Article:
Chapter 13 Bankruptcy
Benefits and Disadvantages of Arizona Chapter 13 Bankruptcy
A Chapter 13 bankruptcy has many advantages for the right kind of debtor, but it does have a few disadvantages compared to a Chapter 7 bankruptcy.
First, it is more complicated and costly than a Chapter 7. It requires the debtor to have some disposable income to pay into a Chapter 13 Plan. What is “disposable income?” Disposable income is defined as income left over after paying for one’s basic necessities, such as food and shelter.
The Plan requires these payments to be made for 3 to 5 years. If a debtor’s monthly income is below the state average for a household of his/her size, or the debtor needs bankruptcy protection but has sufficient disposable income to pay all his unsecured creditors in 3 years, the Plan can be for 3 years. With the absence of these conditions, the length of the Plan is generally for 5 years. This is a long time compared to a Chapter 7, which is generally finished between 6 and 12 months.
However, a Chapter 13 bankruptcy allows the debtor to keep some or all of his or her non-exempt assets. For debtors who have disposable income and have worked had to accumulate non-exempt assets, this is a substantial benefit. To keep non-exempt assets, the Plan must ensure that unsecured creditors receive as much under the Plan as they would in a Chapter 7 liquidation.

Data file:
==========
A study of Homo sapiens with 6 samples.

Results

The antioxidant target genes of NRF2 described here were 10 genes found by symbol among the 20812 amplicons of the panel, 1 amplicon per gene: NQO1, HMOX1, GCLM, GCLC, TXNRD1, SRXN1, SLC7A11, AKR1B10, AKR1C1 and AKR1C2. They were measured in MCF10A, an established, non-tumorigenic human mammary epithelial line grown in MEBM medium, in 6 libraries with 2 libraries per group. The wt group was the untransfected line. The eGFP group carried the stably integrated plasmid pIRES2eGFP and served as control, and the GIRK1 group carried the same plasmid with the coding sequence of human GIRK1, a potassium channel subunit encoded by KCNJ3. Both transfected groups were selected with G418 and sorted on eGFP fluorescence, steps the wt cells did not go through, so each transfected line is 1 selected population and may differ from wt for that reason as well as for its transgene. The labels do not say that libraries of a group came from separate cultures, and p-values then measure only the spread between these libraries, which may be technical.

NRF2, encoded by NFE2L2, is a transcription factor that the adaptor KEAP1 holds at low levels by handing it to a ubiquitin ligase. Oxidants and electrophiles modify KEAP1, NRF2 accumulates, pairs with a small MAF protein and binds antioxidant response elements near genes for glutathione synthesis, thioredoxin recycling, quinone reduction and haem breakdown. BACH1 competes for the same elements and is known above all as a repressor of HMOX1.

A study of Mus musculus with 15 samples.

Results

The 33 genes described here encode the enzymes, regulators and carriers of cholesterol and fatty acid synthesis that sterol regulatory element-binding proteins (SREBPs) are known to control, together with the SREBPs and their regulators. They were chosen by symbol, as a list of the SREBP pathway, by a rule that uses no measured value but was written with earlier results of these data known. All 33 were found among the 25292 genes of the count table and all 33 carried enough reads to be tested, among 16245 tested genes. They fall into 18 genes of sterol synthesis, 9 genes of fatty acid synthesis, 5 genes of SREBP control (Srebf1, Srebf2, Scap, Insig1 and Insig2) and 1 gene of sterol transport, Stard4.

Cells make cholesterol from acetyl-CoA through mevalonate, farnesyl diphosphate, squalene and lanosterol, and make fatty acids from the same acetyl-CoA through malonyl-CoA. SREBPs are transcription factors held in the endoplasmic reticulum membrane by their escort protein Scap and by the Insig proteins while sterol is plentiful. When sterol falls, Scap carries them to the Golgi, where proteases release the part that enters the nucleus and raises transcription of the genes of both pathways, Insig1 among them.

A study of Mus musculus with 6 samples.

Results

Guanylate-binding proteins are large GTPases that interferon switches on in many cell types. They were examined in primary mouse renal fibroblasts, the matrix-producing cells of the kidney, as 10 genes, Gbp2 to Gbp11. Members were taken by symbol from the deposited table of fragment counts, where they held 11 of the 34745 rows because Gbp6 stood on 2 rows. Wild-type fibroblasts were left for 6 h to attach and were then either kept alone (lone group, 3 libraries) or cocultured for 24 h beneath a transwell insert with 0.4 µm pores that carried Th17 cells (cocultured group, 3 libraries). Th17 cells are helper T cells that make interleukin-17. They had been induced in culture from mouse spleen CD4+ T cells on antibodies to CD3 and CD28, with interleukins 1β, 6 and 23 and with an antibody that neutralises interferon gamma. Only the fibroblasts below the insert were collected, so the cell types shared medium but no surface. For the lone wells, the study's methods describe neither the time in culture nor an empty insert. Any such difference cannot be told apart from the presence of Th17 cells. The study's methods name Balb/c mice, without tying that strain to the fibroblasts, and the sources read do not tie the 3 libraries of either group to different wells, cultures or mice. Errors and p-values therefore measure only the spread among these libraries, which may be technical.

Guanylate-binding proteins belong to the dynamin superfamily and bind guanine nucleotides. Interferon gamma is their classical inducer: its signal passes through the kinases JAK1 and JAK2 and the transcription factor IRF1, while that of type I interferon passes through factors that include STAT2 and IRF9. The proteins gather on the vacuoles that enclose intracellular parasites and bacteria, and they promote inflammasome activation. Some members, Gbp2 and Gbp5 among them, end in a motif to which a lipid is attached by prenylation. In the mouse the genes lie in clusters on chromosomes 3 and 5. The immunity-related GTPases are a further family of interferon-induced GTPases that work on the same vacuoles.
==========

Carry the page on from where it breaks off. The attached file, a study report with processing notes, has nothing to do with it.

Another benefit of a Chapter 13 bankruptcy is that it will allow the debtor to catch up with mortgage payments or car payments through the Chapter 13 Plan if he or she has fallen behind in making these payments.
More importantly, if the debtor’s home has a principal mortgage and a second mortgage on it, and the fair market value of the home is equal to or less than the principal mortgage, so that there is no value in the home for the second mortgage to attach to, the lien imposed by the second mortgage can be stripped from the home through a process called “lien stripping.”
Still another benefit is that Chapter 13 bankruptcy will allow a secured debt such as a car loan to be “crammed down” to its present fair market value at a lower interest rate, called the “Till rate,” named after the bankruptcy case that established the rule. To qualify for a cram down, the car must have been purchased outside of 910 days prior to the date the petition was filed.
For example, if the car was purchased 911 days or more before the filing date, the bankruptcy code allows the car note to be divided into a secured and unsecured claim, based on the fair market value of the car on the date of filing. The secured portion of the claim will be paid by the Chapter 13 trustee through the Chapter 13 Plan, and the unsecured portion will receive a share, along with other unsecured creditors, according to what the Plan allows, while the rest of the debt will be discharged at the end of the case. This is a significant benefit, considering that most cars depreciate in value as soon as they are driven off the dealer’s lot.
Chapter 13 has significant benefits that allow a debtor with sufficient disposable income to reorganize his or her financial situation.